Friday, December 7, 2012

Saint Nicholas - Sinterklaas

There is a very fine tradition from my youth that I rather miss. It is the tradition in Holland of celebrating the feast day of St. Nicholas on December 6th. The early memories from anyone who grew in that part of the world are as fondly recalled during this time as are your own memories from Christmas times past.

St. Nicholas was a Greek Bishop in Myra (present day Turkey) in the 4th century who gained a wide reputation for kindness and charity, especially in regard to children. There are a host of wonderful legends and stories around his life, many of which have been retold over the centuries simply for the pleasure of relating something about the goodness of human nature.

Here is the one that I like best. Saint Nicholas (or “Sinterklaas” in Dutch, which eventually became “Santa Claus” when brought over to the U.S. by the early immigrants) learned that a poor man had three daughters. But because they were poor, they had no dowry and therefore would not be able to find a good husband. He found out that one of the daughters was hoping to get married to a fine young man but despaired of ever gaining a dowry. Therefore, St. Nicholas had one of his servants go to the poor man’s house at night, place a bag of gold in front of the door, knock on the door, and run away to hide to make sure that they received the gold. (Hence a Dutch tradition of going to relatives and friends homes around this time, placing a parcel on their front step, ringing the door bell, and running away to watch them from a hidden location.)

When the second daughter was about to be married, he again found out and sent another servant with a bag of gold. But this time, they were watching the door because they had anticipated that this might happen and wanted to thank you the secret donor. So instead the servant saw a partially open window in the house, pushed aside the curtain and threw the bag into the room before fleeing. (Hence a Dutch tradition that for several days prior to December 6th, a family with young children may be at dinner and suddenly toward the end of dinner, a hand reaches into the room from a previously closed window and throws candies and small hard cookies all over the room, but to the delight and screams of the semi-frightened children.)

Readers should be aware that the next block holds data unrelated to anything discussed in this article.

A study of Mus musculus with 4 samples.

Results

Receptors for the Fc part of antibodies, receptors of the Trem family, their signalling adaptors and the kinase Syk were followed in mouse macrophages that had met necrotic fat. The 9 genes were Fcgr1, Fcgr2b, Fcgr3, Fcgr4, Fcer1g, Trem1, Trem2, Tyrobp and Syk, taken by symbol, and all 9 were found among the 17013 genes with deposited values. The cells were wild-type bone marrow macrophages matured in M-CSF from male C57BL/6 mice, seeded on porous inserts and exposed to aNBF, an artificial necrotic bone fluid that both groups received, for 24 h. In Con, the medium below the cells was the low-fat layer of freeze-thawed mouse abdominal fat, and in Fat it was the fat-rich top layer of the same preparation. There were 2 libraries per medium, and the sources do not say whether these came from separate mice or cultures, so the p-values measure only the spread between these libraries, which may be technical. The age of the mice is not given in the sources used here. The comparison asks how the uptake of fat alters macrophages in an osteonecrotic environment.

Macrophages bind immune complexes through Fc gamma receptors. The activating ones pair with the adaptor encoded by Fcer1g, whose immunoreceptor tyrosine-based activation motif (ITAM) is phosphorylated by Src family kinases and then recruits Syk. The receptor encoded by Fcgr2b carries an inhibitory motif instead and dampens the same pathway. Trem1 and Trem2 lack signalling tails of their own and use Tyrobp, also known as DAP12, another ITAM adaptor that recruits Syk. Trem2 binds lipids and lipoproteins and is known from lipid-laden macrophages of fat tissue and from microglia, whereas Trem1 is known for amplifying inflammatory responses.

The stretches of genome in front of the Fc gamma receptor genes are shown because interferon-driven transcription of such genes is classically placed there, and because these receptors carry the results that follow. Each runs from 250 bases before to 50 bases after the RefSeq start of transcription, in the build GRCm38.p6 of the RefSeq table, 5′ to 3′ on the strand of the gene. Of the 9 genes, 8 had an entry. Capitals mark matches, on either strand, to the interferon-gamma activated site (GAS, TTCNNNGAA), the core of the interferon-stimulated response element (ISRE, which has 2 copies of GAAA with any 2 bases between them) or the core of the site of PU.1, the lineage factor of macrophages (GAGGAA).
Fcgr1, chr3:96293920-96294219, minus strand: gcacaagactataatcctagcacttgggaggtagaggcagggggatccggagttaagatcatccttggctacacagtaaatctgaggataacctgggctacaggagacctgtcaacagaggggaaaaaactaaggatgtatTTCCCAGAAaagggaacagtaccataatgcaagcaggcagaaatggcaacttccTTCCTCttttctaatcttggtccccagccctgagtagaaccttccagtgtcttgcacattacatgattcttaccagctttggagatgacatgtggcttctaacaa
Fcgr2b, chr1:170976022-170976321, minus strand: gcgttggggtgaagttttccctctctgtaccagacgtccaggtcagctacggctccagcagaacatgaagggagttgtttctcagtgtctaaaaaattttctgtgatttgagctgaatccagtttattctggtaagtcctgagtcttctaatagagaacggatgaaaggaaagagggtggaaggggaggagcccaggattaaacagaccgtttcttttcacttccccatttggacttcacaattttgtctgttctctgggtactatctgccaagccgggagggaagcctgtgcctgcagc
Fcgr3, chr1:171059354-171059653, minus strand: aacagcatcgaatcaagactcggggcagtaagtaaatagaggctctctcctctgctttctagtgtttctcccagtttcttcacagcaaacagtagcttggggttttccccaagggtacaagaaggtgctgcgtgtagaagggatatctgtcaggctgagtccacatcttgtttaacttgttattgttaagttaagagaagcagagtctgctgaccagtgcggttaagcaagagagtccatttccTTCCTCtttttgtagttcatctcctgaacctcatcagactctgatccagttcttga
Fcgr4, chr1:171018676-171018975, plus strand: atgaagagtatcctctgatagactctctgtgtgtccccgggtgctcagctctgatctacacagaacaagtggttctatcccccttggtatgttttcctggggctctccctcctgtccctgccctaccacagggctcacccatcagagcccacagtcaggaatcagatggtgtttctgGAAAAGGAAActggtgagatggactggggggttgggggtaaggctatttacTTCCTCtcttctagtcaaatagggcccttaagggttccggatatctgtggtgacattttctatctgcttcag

Finally, the third daughter was to get married, and the poor man’s family watched the door and the windows for several nights. This time, the servant saw what was going on from some distance away, climbed up to the roof of a neighboring house, and made his way to the chimney where he dropped the bag of gold down the chimney. The daughter happened to be drying her socks inside the fireplace, where a very small fire was burning. The gold bag fell and dropped right into one the socks, where she found it the next morning.

The tradition from these stories, of course, is the giving of gifts on the saint’s feast day, and subsequently on Christmas Day from Santa Claus. But there is one other interesting tradition that comes from the fact that St. Nicholas is also the patron of pawn shops. From the Middle Ages forward, the symbol above every pawn shop has been three golden balls, symbolizing the three bags of gold that St. Nicholas had provided for the three daughters. Merry Christmas.